Part 2 of 4

What do we expect of TPC members?

Studies have shown that when certain expectations are set, it helps others develop their own group of rules and boundaries. It gives a sense of accountability to others, and creates goals for which to strive. In this series, I’ll discuss what the expectations are that go along with membership in Tuskawilla Presbyterian Church. The second is spiritual growth and faith.

This focus of this expectation is centered on our personal spiritual growth and a general sense of our faith.

The expectation is that we participate in at least one activity each year, apart from worship attendance, aimed at helping us grow spiritually and in our faith. This can take many forms:

  • Sunday school participation
  • a Bible study
  • reading the Bible at home
  • attending retreats
  • participating in the one-time or short-term classes that we offer
  • serving others

Oftentimes we incorrectly associate the greatest spiritual moments as being the only times in our life where God was present.There are a myriad of ways in which we can be active in or participate in at least one spiritual activity a year. But you don’t have to limit it to only one activity either. Certainly you can and should participate in more if you want to and are able, but the bar is set for a minimum of at least one each year.

When considering the ways in which we can both grow spiritually and in our faith, we first recognize that, like all of God’s precious children, we are each different, unique and special. Some methods and processes may work better for some more than they do for others. Beyond those options listed and methods propagated by the church, there are also many other methods and practices that people have used to grow spiritually.

One particularly effective spiritual method I have used is a historical method called examen, where you take some time toward the end of the day to reflect on the moments that happened (big or small) that you felt God’s presence, or felt connected to God or felt your sense of purpose or calling in life was fulfilled. If you get in the daily habit of doing this, at some point in time in the evening or night, where quiet can be and reflection can be accomplished; then you slowly develop a way to recognize God’s presence throughout the day and in your life.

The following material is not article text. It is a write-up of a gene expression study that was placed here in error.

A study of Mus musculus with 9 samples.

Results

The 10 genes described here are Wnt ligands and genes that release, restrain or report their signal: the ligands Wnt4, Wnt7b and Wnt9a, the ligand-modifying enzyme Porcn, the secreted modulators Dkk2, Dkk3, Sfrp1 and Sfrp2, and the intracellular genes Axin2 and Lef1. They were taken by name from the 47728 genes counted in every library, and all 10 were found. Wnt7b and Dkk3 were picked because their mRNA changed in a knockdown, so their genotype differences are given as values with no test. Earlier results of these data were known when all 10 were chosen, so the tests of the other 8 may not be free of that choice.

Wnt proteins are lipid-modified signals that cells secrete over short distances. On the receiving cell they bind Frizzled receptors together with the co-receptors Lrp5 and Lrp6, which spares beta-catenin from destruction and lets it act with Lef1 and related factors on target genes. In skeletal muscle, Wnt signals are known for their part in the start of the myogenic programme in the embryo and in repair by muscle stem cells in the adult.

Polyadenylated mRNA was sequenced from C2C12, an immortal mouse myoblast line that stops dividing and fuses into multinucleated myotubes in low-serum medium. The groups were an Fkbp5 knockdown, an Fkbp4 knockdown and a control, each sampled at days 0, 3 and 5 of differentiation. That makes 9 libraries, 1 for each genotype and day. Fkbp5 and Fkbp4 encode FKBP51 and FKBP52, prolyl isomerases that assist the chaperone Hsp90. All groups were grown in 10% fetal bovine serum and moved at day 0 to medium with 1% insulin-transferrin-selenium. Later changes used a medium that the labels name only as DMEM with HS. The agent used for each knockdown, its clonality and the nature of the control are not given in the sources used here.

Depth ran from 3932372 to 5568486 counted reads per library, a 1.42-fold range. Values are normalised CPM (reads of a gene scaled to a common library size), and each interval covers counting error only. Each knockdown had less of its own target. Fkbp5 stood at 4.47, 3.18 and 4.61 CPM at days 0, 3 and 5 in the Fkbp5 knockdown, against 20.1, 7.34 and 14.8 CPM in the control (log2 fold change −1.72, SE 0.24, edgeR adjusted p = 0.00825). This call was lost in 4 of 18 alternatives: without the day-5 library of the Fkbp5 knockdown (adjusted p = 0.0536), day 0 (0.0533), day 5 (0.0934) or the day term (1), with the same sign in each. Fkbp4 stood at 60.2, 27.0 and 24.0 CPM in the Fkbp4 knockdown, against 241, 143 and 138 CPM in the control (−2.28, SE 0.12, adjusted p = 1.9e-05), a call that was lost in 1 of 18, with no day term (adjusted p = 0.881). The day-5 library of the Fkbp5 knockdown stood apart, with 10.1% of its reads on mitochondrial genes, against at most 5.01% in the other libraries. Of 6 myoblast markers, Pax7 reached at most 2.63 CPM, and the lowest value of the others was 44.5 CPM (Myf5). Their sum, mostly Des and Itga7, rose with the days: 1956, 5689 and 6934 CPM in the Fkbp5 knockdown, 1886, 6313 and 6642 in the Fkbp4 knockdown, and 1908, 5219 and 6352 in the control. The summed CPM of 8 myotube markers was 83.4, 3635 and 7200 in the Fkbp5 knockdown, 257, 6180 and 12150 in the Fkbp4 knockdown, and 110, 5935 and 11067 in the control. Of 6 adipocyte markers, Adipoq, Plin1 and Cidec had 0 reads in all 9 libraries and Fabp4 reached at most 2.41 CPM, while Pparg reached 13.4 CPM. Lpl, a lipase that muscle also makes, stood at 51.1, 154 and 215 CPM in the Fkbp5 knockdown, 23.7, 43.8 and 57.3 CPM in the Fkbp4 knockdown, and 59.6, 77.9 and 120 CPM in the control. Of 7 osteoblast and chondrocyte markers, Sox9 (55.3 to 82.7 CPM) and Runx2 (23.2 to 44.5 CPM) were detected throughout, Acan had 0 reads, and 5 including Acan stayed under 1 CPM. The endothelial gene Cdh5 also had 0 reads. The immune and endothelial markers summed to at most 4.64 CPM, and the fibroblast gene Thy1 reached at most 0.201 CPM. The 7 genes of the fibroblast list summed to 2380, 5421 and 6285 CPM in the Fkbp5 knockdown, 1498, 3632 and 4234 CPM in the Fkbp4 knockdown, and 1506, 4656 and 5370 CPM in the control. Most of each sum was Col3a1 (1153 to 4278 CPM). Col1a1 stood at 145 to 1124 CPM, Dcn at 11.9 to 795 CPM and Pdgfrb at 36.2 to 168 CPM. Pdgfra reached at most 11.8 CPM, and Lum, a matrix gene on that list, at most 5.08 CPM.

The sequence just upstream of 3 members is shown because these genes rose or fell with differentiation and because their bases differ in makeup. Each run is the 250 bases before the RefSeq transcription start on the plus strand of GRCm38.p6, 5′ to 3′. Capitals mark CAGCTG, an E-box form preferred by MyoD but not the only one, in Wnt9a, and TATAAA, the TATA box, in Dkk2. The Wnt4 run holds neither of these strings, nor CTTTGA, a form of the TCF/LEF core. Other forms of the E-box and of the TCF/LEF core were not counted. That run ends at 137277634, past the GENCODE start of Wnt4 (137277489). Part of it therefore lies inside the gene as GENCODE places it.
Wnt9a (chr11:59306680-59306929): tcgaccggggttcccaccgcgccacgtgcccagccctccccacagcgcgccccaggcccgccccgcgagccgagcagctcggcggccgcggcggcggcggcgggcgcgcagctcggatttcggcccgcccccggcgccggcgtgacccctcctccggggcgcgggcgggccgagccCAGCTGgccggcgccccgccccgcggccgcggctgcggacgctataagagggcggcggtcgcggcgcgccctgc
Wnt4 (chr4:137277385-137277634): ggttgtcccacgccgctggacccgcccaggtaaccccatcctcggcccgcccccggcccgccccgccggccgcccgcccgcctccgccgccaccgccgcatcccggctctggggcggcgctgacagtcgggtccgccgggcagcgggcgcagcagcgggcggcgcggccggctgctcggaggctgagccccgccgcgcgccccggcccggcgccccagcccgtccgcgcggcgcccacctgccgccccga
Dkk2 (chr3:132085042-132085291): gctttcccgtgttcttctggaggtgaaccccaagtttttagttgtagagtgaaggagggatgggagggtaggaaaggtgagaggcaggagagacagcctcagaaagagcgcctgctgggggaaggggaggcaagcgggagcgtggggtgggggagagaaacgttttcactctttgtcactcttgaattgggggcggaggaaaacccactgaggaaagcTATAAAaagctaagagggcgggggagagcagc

Oftentimes we incorrectly associate the greatest spiritual moments (or mountaintop experiences, as some might refer to them) as being the only times in our life where God was present. However, with an enhanced and growing spirituality, we can recognize and see God in the everyday moments of our lives.

One of the main challenges of spirituality is that it is not easily quantifiable. Meaning, at times, it’s difficult to measure and gauge how full our spiritual tank is. We cannot simply affirm that “yes, my spiritual tank is indeed full, and I should be good for a while.” Or, “my tank is about a quarter empty and I might only be able to make it another four months on what I have left.”

While this is indeed challenging and perhaps a bit frustrating to some, there are certain ways we can tell if, in fact, our spirituality has grown. For instance, we can ask ourselves: Do we feel closer to God? Do we feel that we have a sense of purpose and meaning in life? Do we feel prepared enough or solid enough that we could handle whatever foundational or life-changing tragedy or event we might experience in life?

If your answers to these questions aren’t fully satisfying, I hope you’ll feel motivated enough to participate in at least one activity meant to help you grow in that department. Then, one day, when you encounter moments of trial and tribulation, or even moments of joy, you will see and feel God’s presence and you will feel prepared enough to persevere through all of life’s ups and downs—and all of those extra steps will have been well worth it.